Virgin snubs mobile float advisers


Sir Richard Branson has turned his back on the corporate brokers who floated his Virgin Mobile business in London last summer as he prepares a US listing for his American mobile phone operation.

Sir Richard Branson has turned his back on the corporate brokers who floated his Virgin Mobile business in London last summer as he prepares a US listing for his American mobile phone operation.

Virgin Group has decided the flotation of Virgin Mobile USA, expected to be worth about $2.5bn (£1.3bn) should be led by Merrill Lynch and CSFB.

The float of Virgin Mobile in the UK last July was handled by JP Morgan and Morgan Stanley, but the brokers failed to generate sufficient demand for the shares to justify the initial price range of 235p-285p. Sir Richard was forced to reduce the amount of Virgin Mobile he was planning to sell in the float from 37 to 25 per cent.

Eventually, JP Morgan and Morgan Stanley had to slash the offer price to the bottom of a revised price range of 200p-220p after misjudging investors' intentions.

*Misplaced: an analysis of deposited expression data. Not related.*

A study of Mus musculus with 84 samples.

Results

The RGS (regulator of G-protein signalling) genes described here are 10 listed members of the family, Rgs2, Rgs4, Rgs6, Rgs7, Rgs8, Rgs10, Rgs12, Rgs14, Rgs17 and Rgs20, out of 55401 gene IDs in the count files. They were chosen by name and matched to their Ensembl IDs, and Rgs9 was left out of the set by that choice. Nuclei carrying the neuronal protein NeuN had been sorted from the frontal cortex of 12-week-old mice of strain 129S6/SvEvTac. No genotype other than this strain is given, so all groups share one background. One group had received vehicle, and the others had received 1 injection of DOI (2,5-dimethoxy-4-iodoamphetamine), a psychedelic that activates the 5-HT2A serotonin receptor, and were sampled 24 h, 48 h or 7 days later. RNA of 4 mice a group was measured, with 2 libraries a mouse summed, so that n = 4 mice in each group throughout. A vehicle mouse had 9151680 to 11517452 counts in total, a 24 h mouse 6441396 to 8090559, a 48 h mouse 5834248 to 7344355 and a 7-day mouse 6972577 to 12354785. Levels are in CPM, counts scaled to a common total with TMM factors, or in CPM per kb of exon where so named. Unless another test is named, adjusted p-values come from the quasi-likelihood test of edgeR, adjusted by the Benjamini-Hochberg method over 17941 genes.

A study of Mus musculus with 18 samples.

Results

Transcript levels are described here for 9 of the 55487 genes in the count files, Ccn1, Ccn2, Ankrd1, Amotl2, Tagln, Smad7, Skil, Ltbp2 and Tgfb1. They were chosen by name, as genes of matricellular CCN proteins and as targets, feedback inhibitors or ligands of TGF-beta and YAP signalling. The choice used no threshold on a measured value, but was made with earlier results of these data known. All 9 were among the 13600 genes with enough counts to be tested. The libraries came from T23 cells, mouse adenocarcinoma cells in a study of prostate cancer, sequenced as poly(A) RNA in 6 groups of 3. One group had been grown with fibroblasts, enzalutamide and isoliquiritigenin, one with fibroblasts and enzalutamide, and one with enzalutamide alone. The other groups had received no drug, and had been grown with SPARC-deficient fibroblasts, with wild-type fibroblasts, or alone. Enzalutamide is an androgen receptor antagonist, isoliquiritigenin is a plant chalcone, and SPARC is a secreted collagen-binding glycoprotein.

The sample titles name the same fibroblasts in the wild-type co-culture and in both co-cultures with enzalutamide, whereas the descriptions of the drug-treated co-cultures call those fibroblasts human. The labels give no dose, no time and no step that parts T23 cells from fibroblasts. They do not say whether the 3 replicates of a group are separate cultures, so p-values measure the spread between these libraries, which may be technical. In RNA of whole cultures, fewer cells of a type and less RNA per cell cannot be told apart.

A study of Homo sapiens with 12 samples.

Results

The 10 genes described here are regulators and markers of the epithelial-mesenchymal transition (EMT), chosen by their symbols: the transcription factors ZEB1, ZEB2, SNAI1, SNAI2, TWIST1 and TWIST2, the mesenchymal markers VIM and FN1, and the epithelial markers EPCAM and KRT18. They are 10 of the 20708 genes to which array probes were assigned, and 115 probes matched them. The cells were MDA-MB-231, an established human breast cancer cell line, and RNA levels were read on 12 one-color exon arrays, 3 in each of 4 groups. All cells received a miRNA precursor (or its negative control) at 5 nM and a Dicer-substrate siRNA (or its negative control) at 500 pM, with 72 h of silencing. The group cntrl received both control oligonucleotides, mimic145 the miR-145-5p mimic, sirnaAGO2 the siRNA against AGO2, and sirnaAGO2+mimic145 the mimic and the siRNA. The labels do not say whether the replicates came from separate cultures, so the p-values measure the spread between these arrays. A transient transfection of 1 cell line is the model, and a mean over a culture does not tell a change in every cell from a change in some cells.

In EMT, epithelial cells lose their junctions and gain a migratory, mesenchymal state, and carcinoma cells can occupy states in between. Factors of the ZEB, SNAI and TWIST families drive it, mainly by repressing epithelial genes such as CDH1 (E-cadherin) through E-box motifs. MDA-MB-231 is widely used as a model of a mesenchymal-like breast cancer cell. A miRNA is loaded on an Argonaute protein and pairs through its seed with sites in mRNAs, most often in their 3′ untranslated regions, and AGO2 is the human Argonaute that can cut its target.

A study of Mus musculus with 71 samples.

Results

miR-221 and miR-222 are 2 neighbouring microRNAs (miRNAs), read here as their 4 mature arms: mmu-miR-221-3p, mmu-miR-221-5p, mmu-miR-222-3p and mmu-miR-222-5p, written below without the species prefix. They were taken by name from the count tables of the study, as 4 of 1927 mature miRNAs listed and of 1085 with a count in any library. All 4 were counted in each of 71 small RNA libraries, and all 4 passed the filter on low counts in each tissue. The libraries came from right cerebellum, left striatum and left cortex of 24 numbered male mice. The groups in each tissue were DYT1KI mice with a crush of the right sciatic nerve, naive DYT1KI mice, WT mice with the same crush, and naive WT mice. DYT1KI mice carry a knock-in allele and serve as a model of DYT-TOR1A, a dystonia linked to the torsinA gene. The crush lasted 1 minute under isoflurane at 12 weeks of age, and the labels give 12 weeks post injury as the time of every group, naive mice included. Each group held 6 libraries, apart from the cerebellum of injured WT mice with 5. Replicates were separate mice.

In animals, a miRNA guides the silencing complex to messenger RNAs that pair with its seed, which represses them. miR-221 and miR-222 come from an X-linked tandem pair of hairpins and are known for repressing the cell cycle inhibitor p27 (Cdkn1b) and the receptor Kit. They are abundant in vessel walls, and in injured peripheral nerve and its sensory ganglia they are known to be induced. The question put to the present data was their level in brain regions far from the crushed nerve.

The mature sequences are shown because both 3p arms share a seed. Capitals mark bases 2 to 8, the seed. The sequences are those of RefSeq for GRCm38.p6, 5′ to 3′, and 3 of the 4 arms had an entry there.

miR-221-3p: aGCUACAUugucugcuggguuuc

At the time of the Virgin Mobile float in London, Virgin Group revealed that a float of its US mobile business would proceed in 2005. The operation is a joint venture between Virgin and Sprint, the US telecoms group.

Merrill Lynch and CSFB will lead the float as joint global co-ordinators, joint bookrunners and joint sponsors and underwriters of the offer. JP Morgan may be handed the much more junior role of co-lead manager, but will be given the job of raising new debt of about $700m for the joint venture, as part of a refinancing ahead of a float.